A William III Ash Chest-on-Stand – Part Six

The joinery for these flat, shaped stretchers commonly comprises simple lap, or halved joints, however, one also encounters bridle joints (fig. 1).

wiiiacos_221215_01aFig. 1. The pine stretcher components.

After putting the stretcher together, it was veneered on top, inside and out; on all four sides with the exception of the outside back edge (fig. 2).

wiiiacos_241215_01aFig. 2. The stretcher assembled and crossbanded.

With holes bored through the stretcher and also into the underside of the stand’s carcase, the legs, stretcher, feet, abaci and carcase were glued and assembled (fig. 3).

wiiiacos_251215_01aFig.3.  The completed stand.

wiiiacos_251215_02aFig. 4. The bare chest-on-stand.

Jack Plane


Formerly from the UK, Jack is a retired antiques dealer and self-taught woodworker, now living in Australia.
This entry was posted in Case Furniture and tagged , , , , , , , . Bookmark the permalink.

15 Responses to A William III Ash Chest-on-Stand – Part Six

  1. D.B. Laney says:

    Consider my hat “tipped” guv’nor. Simply lovely.

    I’ve really enjoyed the progress. Looking great!
    I made a similar piece this past year. It’s the 8th piece down on this article, the William & Mary spice box on frame. Based on the kind of furniture made in my home area of Chester County, Pennsylvania, USA.
    http://www.popularwoodworking.com/woodworking-blogs/editors-blog/award-winning-woodworking-from-pwm-readers.
    Some more photos of the piece on my website: http://www.LineAndBerry.com

    Anyway, your veneer work is inspirational.

    –Wm. F. Brown


    I like the stretchers…. Funny without knowing your project, I was planning for very similar stretchers for a customer dinning table. Merry Christmas.


    Well done. Are you and Mother Nature still at odds? Can you send some of your talents in this direction? Maybe the book will help.
    Jim


    Quite a bit of progress in the last few days! Has the heat let up? I thought because of the heat you would have spent a lot of time on the computer, checking your email etc…But I see instead you braved the high temps and worked in the shop!!……any permanent results from the chest “making lots of cracking noises”?
    What are the diameters of the balusters and the feet? They appear to be of solid, one piece and not built up to get the large diameters.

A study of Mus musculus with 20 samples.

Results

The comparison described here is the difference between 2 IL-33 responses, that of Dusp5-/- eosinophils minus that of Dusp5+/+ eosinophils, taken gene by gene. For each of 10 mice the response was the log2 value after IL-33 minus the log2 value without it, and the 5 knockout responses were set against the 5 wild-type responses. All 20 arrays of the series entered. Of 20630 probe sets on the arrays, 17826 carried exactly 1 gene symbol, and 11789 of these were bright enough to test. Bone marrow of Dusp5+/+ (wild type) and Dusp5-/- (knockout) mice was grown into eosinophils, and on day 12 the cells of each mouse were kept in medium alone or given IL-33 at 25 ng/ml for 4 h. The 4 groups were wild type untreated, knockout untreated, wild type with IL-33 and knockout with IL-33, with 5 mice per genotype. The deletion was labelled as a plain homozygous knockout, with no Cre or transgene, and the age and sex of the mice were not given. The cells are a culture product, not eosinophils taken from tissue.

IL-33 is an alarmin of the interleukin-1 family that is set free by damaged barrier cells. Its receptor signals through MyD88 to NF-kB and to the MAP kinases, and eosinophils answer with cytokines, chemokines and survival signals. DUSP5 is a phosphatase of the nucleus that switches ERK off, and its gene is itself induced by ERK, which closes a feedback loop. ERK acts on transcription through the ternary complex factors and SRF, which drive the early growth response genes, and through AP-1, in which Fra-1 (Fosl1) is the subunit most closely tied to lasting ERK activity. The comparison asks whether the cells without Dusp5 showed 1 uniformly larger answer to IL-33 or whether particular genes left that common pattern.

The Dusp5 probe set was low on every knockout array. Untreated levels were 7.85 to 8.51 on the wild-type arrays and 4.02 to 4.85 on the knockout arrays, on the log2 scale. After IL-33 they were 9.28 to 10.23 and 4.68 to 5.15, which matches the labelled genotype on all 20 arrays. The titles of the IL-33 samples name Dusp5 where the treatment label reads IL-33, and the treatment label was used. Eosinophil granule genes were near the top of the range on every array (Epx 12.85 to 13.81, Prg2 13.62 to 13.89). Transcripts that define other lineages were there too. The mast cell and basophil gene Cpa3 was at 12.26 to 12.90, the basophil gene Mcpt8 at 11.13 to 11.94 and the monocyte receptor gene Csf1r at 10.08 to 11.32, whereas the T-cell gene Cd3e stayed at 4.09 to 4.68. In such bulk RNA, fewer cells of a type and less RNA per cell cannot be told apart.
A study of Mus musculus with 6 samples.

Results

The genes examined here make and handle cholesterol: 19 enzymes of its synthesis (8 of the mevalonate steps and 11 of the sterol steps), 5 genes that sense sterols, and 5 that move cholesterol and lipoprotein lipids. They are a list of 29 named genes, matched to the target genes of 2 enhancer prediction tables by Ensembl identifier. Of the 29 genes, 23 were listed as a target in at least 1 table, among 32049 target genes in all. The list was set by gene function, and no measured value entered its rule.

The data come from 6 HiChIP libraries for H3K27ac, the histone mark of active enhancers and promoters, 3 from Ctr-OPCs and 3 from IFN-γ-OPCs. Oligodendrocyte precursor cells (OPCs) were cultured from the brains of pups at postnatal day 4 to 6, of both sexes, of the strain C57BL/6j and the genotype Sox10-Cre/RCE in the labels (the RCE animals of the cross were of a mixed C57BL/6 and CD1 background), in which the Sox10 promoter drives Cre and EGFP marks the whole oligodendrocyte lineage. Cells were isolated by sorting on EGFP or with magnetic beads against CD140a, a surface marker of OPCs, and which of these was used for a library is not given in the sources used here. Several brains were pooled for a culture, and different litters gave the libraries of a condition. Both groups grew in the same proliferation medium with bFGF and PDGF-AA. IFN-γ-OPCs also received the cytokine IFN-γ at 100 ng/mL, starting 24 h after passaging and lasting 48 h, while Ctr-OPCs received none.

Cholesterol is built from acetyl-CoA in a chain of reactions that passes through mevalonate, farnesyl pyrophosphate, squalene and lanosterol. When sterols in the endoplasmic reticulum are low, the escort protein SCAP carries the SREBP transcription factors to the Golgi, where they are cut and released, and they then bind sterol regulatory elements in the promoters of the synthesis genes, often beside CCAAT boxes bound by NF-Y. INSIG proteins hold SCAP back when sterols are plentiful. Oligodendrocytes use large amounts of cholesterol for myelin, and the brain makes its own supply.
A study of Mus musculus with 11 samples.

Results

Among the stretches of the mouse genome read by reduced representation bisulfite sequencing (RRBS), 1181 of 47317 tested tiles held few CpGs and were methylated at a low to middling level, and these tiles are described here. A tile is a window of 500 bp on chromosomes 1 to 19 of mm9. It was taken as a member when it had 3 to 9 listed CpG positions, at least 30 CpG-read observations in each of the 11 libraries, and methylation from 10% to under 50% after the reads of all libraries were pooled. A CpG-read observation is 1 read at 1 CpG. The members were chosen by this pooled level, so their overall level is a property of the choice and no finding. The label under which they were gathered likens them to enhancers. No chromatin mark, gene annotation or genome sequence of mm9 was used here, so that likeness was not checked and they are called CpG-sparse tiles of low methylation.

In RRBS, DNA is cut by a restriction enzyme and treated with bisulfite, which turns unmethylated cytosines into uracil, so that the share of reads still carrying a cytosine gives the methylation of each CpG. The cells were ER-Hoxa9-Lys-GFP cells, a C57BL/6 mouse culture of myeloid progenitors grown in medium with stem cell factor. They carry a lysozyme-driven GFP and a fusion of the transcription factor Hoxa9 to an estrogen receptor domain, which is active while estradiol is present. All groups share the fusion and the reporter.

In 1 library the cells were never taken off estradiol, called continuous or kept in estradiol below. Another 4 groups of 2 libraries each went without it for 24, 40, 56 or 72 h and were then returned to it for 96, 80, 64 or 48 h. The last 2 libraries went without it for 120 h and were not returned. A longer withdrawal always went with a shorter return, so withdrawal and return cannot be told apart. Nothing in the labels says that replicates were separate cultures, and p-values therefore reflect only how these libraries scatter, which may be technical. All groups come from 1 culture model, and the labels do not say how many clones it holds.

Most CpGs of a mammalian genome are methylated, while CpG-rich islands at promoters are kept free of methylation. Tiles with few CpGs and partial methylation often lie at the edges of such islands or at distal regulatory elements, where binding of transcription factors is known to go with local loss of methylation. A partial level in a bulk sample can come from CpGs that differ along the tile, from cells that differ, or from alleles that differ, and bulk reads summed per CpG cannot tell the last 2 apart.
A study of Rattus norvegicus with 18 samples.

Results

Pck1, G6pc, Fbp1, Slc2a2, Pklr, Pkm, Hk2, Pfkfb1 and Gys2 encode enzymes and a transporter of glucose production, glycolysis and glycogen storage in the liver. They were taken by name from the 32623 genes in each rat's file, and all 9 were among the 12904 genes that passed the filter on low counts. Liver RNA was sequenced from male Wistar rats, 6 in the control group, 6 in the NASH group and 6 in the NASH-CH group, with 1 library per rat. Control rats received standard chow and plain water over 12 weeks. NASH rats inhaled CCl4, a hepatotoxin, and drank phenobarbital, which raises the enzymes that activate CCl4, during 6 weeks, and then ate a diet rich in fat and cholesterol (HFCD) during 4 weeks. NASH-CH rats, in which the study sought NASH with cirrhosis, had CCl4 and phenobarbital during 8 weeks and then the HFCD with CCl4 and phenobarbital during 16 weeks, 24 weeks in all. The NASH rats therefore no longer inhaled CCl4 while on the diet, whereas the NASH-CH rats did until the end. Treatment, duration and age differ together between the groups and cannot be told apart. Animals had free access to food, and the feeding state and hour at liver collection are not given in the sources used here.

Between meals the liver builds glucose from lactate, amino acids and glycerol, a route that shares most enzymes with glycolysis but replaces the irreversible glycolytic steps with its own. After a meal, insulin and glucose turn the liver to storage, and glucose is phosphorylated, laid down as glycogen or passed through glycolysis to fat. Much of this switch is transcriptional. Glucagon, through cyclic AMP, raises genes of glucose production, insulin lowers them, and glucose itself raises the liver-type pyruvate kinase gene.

No need to say how well the chest looks….we are all impressed and waiting for the next progress report.
    Might be a day late because of time zone differences but…Merry Christmas to you Jack.


    My heart goes out to you, Jack. Here in the spruce bogs of central Maine we’re experiencing our second day of continuous snow. Gladly ship you some.


    Excellent work as usual Jack.
    In the context of furniture, what are abaci, other than the plural of abacus ?

    David


      In classical architecture, the abacus is the flat block at the top of a column.

      In this scenario, abaci are the thin, bull-nosed blocks atop the leg turnings which take the weight of the carcase above.

      JP


    There are so many little details I want to bug you about. I’m waiting for the book, but I wonder about the decision to have a full shelf between the drawers as opposed to just a frame. Is that something that changed from era to era, or joiner to joiner, or some other reason? My other thought is about the veneer. Do you apply the vertical veneer first, or the top? I was thinking about it and I wasn’t sure if there’s an advantage to doing one over the other.


      My post on dustboards should answer your initial queries. In some regions, dustboards gave way to frames in the nineteenth-century. They are particularly popular in North America.

      Regarding the sequence of applying the veneer to the stretcher; the edges are veneered first and the top face second. It’s traditional, but there may be a couple of reasons why.

      If people were to rest their feet on the corners of the stretcher, there would be a greater chance of the vertical veneer being dislodged if it were applied after the top face veneer.

      If there were no particular historical precedence to adhere to, I would still opt for veneering the edges first. It makes sense to me to clean up the vertical veneer and tooth the top surface before laying the top veneer.

      JP


    Thank you, that makes a lot of sense. Be careful not to cook yourself out there.